The Trotsky Project


By LIONEL ROLFE

Back when I was in high school 50 years ago, I was called a Stalinist by my Trotskyite friend, Les Evans. Les had been a Republican because that’s what his salesman father had been up until I talked Les into a more leftist position. Les’ father was the man Arthur Miller must have had in mind when he wrote “Death of a Salesman.” Anyway, Les made the transition to being an acolyte of Leon Trotsky, Lenin’s main accomplice during the Russian Revolution. Les then went on to become an officer in the Socialist Workers Party, an editor in the party’s publishing arm and the author of a scholarly book about China in the 1970s, among others.

Les told me not to keep calling him a Trotskyite–he was a Trotskyist. Only Stalinists called Trotskyists Trotskyites, he said. It’s an insulting term, like calling a Jew a Kike or an Italian a Wop. So in deference to an old friend, I learned to say Trotskyist and not Trotskyite.

I knew that Trotsky was an incredible orator, writer and organizer–it was he who created and successfully led the more than 5-million members of the Red Army, through which the Bolsheviks ruled for decades. Trotsky, of course, was done in by Stalin in Mexico City in 1940.

I didn’t regard Trotsky as a mind that spoke directly to me. I know that some felt in his fight against Stalinism and bureaucracy, which he as an old revolutionary hated, he somehow was representing a democratic impulse in Leftist politics. But not even Les believes this any longer. Worse, Les suspects that because Trotsky embraced totalitarianism over democracy, had he been the victor over Stalin, he might have ended up acting almost as bad as Stalin did.

I did feel some personal connection to Trotsky only because I knew a bit about the drama of his death in Mexico City in 1940. When I was a kid, I had a good older friend named Chandler Weston, who was the eldest of the photographer Edward Weston’s children. He used to talk endlessly about what life was like when Weston moved his family to  Mexico City and lived in Diego Rivera’s house. Frieda Kahlo, Rivera’s wife, famously had an affair with Trotsky. It was a tenuous connection to be sure, but it was something.

More important, however, was the recent explosion of the Occupy Movement. That movement has been tremendously stirring to old lefties from the ‘60s.

So when two old friends, radio host and historian Suzi Weissman and Les, invited me to a party in support of a documentary in the works called “The Trotsky Project,” I was more intrigued than I normally might have been. Suzi was intimately involved in the production of the film.

Weissman  was promoting Lindy Laub, who was making the documentary based on work begun more than 40 years ago by filmmaker David Weiss, an old Trotskyist.

When I moved away from the organized left, I did so with the intention of never joining any other political entity again.  My own politics had moved toward a belief that the best economic system is one that merges the best of capitalism and the best of socialism, in a brew that must be democratic and not totalitarian. In Europe, this kind of politics is called “democratic socialism,” which was a term used sneeringly by communists against their enemies.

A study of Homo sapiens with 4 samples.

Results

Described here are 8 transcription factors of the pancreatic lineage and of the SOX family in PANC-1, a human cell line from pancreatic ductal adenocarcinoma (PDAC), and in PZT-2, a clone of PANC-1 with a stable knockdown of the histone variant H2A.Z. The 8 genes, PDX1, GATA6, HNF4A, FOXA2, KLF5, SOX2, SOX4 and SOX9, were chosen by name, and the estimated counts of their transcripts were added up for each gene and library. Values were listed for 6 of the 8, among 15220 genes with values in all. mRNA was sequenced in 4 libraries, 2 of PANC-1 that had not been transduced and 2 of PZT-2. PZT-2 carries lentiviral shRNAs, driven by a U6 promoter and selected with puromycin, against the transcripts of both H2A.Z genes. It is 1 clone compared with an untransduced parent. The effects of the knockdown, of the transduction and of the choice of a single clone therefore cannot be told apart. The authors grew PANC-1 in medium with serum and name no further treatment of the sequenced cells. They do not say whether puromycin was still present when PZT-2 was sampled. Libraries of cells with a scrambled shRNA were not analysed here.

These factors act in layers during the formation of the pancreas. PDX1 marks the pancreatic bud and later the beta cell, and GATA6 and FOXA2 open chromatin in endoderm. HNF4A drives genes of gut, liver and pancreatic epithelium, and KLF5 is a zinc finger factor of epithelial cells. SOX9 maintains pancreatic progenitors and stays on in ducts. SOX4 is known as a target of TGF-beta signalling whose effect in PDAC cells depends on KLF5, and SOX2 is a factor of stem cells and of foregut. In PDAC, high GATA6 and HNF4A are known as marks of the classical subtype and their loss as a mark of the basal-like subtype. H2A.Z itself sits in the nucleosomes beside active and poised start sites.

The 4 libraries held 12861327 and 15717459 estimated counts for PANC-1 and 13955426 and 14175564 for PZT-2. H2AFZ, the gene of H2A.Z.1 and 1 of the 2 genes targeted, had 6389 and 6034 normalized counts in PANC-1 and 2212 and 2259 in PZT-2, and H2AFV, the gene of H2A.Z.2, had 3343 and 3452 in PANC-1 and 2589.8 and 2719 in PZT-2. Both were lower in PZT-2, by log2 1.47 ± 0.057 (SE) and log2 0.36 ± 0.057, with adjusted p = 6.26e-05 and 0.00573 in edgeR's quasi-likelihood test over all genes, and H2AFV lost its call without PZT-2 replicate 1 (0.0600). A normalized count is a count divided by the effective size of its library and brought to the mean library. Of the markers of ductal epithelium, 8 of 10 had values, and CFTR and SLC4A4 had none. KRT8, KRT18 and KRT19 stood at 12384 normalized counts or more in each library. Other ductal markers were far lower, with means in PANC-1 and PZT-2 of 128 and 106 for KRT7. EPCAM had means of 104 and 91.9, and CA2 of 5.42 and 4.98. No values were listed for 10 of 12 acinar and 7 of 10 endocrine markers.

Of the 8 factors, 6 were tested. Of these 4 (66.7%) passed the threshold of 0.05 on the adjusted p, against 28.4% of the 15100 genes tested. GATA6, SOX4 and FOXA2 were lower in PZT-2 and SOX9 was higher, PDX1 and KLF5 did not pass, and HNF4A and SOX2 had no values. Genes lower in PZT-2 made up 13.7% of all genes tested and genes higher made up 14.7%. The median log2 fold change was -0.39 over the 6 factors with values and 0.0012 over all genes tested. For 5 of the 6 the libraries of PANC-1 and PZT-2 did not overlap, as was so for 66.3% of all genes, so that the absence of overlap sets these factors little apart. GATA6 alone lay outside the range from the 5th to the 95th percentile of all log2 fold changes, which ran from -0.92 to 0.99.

Les has also moved way on, rejecting the path of Trotsky, since like Lenin and Stalin, he made the fatal mistake of seeking liberation through totalitarianism. “Creating a police state doesn’t result in liberation, no matter the honesty of the original good intentions,” he said.

Even though Les is pretty disaffected from his Trotskyism, and me to thinking everything done by the old Bolsheviks was good, there seemed to be a reason the Occupiers were stirring such passion in us.

As we drove toward the lovely large mansion in the hills where portions of the “Trotsky Project” were to be shown, and Trotsky’s grandson Esteban Volkov was to speak by video phone, suddenly our trip seemed to take on the added significance of the Occupy Movement.

As it turned out, the filmmakers had held the party because they were  still fundraising to finish it. The footage they showed was very good. Some of the earliest shots looked like outtakes from an Eisenstein film, or some very old newsreels. They looked like the black and white stuff of history. But in the interviews of those who had been around “the old man”  you saw people with very real and intense passions. You could see these were people who had come through their travails, and those travails had strong parallels to today’s travails.

After the footage was shown, one man told the mostly gray-haired audience that although Trotsky was gone, many of the same questions remained for new generation of revolutionaries.  “I think we have something to tell the Occupiers,” he said with a rising voice.

I had lots of thoughts racing as we pulled away from the house. The documentary should be finished, if for no other reason than that it was significant history.

But I asked Les if he thought Trotskyism or Trotsky had a lot to say to today.

“I don’t think so,” Les said. “I don’t think there are any messages of importance for today’s Occupiers,” he said.

At some length, he explained that Trotsky’s story had been one of great drama and interest. But don’t read meaning into that story that isn’t there. Consider, he said, that there probably was a great Huguenot leader–the Protestant warriors of France–but his story probably didn’t have much to say for today any more than Trotsky’s had.

Les regards much of his life spent in the cause of Trotsky as a fascinating experience from which he learned a great deal, but it was based on beliefs that were very damaging when carried out by anyone in power, and are now something of the past that a new generation should not repeat. Still he has many old comrades and he enjoys their company. But as to foretelling what the next revolution in this country founded in revolution will be, that is a very risky business.